Getting Them Involved

I’m not a baby person. By that I mean, I am not a woman who sees babies and gets an irresistible urge to hold them.   That often translates to people thinking I don’t like kids. Which may hold some truth, but not completely. Anyway, so here I am at my daughter’s, with two-week-old twins. And the first day, there were so many other grasping hands, I saw but didn’t touch them. They were cute, in that newborn turtle way. But I didn’t feel for them what I feel for my 11-year-old grandson or his mother.

The next day, it was me and my daughter for much of the day, so I changed diapers, burped babies, held them when they were fussy. And you know—suddenly they weren’t so turtle-like. In fact, I defy you to find cuter babies.

Being a tad bit obsessive, it reminded me of fundraising and why relational fundraising is so much more effective than transactional.

In transactional fundraising something happens—a mail appeal, an event, a tragedy that makes a lot of folks reach into their pockets—which triggers a response. Hopefully this response is a gift. And then it is over. People lose interest, move away, something else triggers their response.

But get them involved, and you’ll get them hooked. In fact, the more involved, the more hooked they will be.

As you develop your cultivation plan for each of your major prospects, consider what you might ask them to do as much as what you are going to do for them. For every event you invite them to, think about a more tactile way they can get involved. A tour is great; asking them to do something for your clients while on that tour (if possible, and not every nonprofit can do this) is even more effective.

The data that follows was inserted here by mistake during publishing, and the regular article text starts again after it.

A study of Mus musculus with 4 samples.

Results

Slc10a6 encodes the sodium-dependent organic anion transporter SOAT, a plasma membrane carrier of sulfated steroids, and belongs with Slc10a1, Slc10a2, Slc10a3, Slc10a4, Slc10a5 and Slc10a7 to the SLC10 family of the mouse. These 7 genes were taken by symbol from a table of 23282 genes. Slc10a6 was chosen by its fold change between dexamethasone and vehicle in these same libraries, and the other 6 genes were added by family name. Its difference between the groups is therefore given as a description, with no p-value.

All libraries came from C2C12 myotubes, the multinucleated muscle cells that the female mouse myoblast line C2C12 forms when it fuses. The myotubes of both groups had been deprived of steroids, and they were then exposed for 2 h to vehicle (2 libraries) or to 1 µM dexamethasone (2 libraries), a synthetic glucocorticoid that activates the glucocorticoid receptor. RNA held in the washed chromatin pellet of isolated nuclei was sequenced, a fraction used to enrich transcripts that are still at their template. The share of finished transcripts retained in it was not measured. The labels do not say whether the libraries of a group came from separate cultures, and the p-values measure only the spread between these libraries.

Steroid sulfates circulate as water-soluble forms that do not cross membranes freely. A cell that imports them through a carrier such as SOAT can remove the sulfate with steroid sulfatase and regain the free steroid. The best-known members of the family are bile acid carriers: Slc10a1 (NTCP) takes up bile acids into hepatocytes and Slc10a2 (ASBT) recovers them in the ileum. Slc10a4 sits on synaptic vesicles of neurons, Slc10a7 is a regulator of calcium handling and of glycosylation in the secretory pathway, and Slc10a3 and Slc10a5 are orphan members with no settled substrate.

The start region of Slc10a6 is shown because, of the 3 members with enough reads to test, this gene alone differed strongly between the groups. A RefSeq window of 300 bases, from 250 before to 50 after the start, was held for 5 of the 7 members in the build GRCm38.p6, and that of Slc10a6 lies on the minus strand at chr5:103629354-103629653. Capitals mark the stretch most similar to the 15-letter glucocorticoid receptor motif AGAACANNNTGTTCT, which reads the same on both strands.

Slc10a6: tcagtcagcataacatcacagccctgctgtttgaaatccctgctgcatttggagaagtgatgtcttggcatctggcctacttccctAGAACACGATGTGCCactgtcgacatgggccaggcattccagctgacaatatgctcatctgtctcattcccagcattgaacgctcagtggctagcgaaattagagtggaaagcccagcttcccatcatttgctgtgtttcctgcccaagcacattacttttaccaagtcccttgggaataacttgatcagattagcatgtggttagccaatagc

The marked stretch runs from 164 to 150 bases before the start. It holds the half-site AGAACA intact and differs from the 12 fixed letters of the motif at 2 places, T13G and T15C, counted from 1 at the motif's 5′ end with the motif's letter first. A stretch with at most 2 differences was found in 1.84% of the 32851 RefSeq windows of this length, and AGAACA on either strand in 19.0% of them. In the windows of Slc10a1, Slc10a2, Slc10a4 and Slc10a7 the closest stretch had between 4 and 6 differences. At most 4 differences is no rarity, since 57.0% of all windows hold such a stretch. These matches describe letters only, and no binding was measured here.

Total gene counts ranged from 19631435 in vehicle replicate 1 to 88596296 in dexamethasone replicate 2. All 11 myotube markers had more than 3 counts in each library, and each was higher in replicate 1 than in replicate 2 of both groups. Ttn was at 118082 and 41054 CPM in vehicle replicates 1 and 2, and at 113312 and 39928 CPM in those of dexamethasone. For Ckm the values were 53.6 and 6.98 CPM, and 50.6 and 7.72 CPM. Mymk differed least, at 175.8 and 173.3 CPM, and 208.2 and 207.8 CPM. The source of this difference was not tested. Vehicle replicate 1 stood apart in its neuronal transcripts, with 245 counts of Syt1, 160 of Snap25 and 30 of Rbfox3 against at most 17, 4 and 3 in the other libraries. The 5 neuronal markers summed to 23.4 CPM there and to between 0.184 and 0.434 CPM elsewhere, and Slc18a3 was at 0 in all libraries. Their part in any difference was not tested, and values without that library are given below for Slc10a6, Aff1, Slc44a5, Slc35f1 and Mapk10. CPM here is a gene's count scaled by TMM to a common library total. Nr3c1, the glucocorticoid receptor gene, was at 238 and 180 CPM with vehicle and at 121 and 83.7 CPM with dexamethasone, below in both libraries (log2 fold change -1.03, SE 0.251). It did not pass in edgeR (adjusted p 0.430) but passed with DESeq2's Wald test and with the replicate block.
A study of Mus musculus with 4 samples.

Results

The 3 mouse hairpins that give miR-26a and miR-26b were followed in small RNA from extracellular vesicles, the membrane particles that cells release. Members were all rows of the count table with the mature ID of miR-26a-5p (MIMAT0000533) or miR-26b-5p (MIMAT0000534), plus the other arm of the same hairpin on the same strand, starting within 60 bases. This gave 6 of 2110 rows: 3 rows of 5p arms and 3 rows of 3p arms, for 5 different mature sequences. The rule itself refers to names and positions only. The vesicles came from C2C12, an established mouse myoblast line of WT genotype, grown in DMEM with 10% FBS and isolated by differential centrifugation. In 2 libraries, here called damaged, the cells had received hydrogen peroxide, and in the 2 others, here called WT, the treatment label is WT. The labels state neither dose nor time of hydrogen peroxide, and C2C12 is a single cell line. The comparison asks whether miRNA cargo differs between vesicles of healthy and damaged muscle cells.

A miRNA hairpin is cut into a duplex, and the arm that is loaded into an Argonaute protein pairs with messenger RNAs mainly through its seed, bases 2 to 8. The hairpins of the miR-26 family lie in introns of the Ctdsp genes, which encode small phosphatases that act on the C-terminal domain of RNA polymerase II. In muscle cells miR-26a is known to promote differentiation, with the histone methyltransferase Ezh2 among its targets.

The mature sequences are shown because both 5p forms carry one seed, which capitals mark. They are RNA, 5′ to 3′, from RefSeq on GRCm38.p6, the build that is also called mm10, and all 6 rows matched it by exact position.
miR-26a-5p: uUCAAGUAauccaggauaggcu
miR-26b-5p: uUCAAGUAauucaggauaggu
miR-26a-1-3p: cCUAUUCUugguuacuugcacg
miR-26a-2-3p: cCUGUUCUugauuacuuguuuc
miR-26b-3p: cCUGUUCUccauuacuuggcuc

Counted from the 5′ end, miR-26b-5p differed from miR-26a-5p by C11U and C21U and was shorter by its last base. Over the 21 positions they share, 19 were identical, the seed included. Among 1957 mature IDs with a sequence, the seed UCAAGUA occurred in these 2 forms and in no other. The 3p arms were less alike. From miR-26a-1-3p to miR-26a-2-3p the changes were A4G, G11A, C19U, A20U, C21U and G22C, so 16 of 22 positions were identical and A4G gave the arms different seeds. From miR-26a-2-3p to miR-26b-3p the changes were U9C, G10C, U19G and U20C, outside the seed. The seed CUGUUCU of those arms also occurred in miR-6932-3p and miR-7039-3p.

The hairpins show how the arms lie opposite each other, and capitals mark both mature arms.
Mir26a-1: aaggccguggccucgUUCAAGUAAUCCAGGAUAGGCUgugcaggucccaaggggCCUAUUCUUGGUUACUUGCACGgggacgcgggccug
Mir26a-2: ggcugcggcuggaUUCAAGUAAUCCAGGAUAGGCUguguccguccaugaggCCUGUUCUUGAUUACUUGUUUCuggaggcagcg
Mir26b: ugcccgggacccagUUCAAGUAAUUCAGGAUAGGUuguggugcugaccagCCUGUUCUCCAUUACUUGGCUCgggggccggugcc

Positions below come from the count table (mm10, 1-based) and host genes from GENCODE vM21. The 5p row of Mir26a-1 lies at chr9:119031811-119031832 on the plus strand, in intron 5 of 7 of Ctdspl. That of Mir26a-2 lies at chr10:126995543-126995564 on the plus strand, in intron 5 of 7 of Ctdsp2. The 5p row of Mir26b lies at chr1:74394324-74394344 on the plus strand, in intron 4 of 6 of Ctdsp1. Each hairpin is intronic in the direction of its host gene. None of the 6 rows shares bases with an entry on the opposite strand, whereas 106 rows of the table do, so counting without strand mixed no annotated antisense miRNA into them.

I believe strongly that every cultivation move right from the start should include an ask. Not for money or to commit to a planned gift, but rather to do something for or with the organization.

“Can you introduce two others to our organization?” is terrific, especially if you follow up and have them be part of that introductory meeting. “Would you host a small event” or would you help out at something that is going on at your organization.

The point, of course, is that as with my grandchildren, the more your prospects and donors are involved, the more they will see your organization as “theirs” and the more they will want to ensure its sustainability and its safety.

And that will turn into more consistent and larger gifts.

Janet Levine works with nonprofits, helping them to increase their fundraising capacity and build stronger boards.  Learn more at http://janetlevineconsulting.com or email her directly at janet@janetlevineconsulting.com

 


For over 20 years, Janet Levine has worked for and with nonprofit and educational organizations, helping to grow their advancement programs. Her consulting company, Janet Levine Consulting, serves a wide range of organizations from small, all-volunteer agencies to major national organizations. She regularly teaches courses in non-profit management, fundraising and grant development, both face-to-face and online at http://courses.lmlearningstation.com/. In addition to her nonprofit work, Janet brings years of experience as a business and sales manager in the for-profit sector. She has an MBA from the Graziadio School of Business at Pepperdine University.